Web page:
So, tomorrow is Valentine’s Day. Hurray for love! I hope you appreciate it every day of the year. Love really is all that matters in this world, and the romantic kind is beyond compare.
Having said that, I hope you will be a bit sensitive to those of us who don’t have it in our lives. Some of us look to Valentine’s Day with a certain level of dread and resignation. It’s particularly painful for those of us who have lost loved ones. And it can be downright depressing for those of us who have given up all hope of finding someone to love. (I know you’ll be tempted to say, “You’ll find someone!” in the comments section. But the odds are equally good that I won’t. Please allow me to reside in the real world.)
For those of us in the lonely hearts’ club, your big bouquet of flowers, delivered to the office with a great deal of fanfare, is disheartening. Your chocolate makes us lose our appetite. We are happy for you, yes, but it would be nice to be able to be happy for ourselves.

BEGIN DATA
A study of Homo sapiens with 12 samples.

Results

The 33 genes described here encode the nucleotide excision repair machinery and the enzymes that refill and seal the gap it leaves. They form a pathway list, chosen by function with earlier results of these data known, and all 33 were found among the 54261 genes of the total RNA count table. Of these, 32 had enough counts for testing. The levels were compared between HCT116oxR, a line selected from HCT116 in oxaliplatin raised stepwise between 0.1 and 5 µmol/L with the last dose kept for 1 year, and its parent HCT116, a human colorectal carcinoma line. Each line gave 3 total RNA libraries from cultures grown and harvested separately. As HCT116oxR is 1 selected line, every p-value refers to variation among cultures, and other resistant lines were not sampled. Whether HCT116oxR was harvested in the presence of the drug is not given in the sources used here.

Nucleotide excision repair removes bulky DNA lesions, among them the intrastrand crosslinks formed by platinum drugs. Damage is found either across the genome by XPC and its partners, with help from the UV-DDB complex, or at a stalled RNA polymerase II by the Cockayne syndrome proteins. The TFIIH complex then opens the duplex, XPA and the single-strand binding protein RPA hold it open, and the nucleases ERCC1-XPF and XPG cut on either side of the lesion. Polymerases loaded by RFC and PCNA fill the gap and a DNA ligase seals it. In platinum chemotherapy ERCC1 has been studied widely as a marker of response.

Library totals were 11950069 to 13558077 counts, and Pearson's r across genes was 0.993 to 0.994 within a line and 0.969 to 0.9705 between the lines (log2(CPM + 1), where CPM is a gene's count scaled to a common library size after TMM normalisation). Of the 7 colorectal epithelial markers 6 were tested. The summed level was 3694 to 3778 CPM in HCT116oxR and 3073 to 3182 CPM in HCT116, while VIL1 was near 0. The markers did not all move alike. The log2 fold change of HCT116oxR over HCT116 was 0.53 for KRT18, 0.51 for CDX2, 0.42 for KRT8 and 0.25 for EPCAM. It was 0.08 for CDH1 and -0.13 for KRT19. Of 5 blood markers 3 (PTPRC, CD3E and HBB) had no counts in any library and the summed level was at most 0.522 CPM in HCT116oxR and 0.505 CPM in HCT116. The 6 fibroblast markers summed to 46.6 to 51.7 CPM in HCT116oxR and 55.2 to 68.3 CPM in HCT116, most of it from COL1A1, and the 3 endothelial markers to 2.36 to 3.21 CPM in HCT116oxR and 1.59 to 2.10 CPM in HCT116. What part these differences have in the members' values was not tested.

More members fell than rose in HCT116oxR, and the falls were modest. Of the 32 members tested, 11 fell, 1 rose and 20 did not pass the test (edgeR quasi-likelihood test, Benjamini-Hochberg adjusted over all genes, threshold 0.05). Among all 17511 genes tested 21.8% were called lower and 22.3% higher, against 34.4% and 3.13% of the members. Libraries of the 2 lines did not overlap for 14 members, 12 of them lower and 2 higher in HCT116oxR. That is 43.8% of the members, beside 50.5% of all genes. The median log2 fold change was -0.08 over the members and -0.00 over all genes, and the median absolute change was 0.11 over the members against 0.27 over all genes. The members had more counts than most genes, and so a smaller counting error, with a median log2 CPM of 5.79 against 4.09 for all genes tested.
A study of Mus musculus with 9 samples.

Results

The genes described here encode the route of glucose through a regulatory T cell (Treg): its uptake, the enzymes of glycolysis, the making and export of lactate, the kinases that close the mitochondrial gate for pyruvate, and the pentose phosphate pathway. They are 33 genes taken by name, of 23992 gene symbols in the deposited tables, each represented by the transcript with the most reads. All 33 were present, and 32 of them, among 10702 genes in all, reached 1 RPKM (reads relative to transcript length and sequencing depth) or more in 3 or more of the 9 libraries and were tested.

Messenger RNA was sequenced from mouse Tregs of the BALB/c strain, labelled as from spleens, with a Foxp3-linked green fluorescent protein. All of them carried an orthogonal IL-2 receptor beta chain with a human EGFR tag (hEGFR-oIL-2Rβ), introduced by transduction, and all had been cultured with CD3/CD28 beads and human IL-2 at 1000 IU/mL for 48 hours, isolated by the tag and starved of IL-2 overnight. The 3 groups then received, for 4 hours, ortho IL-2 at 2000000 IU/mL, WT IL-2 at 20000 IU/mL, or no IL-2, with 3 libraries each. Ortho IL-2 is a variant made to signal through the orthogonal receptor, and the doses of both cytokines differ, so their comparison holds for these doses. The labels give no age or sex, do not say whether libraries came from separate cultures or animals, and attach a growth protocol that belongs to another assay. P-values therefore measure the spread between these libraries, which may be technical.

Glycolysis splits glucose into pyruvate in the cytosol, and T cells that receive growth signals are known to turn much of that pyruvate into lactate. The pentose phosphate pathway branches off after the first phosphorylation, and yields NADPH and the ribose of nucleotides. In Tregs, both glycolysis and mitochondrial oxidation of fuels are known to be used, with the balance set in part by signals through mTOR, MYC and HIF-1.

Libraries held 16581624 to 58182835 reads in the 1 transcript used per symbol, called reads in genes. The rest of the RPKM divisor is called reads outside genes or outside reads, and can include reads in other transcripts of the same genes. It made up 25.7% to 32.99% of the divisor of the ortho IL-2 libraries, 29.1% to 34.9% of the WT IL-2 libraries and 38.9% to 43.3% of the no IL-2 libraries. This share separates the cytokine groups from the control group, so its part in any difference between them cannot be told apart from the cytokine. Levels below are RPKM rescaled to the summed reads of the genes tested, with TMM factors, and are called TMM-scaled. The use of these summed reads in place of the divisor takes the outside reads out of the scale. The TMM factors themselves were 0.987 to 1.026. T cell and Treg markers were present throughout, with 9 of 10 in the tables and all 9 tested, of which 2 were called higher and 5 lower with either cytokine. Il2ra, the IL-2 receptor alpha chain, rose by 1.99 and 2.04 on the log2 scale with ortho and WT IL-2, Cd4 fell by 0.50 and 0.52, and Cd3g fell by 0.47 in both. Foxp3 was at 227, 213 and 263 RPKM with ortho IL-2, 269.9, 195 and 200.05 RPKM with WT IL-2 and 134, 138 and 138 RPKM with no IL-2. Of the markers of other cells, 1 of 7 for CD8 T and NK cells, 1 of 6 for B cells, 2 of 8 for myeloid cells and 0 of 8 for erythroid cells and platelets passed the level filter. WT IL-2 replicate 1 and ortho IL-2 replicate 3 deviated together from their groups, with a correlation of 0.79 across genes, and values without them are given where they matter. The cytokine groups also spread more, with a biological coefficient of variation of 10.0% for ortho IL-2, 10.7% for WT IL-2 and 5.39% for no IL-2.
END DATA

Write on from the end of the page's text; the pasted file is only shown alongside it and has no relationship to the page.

And please understand that for the lovelorn, the day after Valentines is viewed simply as a great opportunity to buy chocolate on sale. We don’t rush to work in eager anticipation of hearing about your romantic dinner at the fancy restaurant, or your bed strewn with rose petals. We’re just happy to have survived the day once again.
So please, enjoy your flowers. But could you take them home now? Thanks.
A realistic NPR Valentine for you : https://www.npr.org/2011/02/14/133693152/the-dark-origins-of-valentines-day …This is shorter than the very long, but fascinating, wikipedia history.
Hope this helps form an indifference to those who flaunt their participation in the commercialization of love. Besides, you’re allergic to chocolate and cut flowers die faster than those left to thrive in your garden. 🙂
Thank you! This does help. 🙂 Those kinky Romans.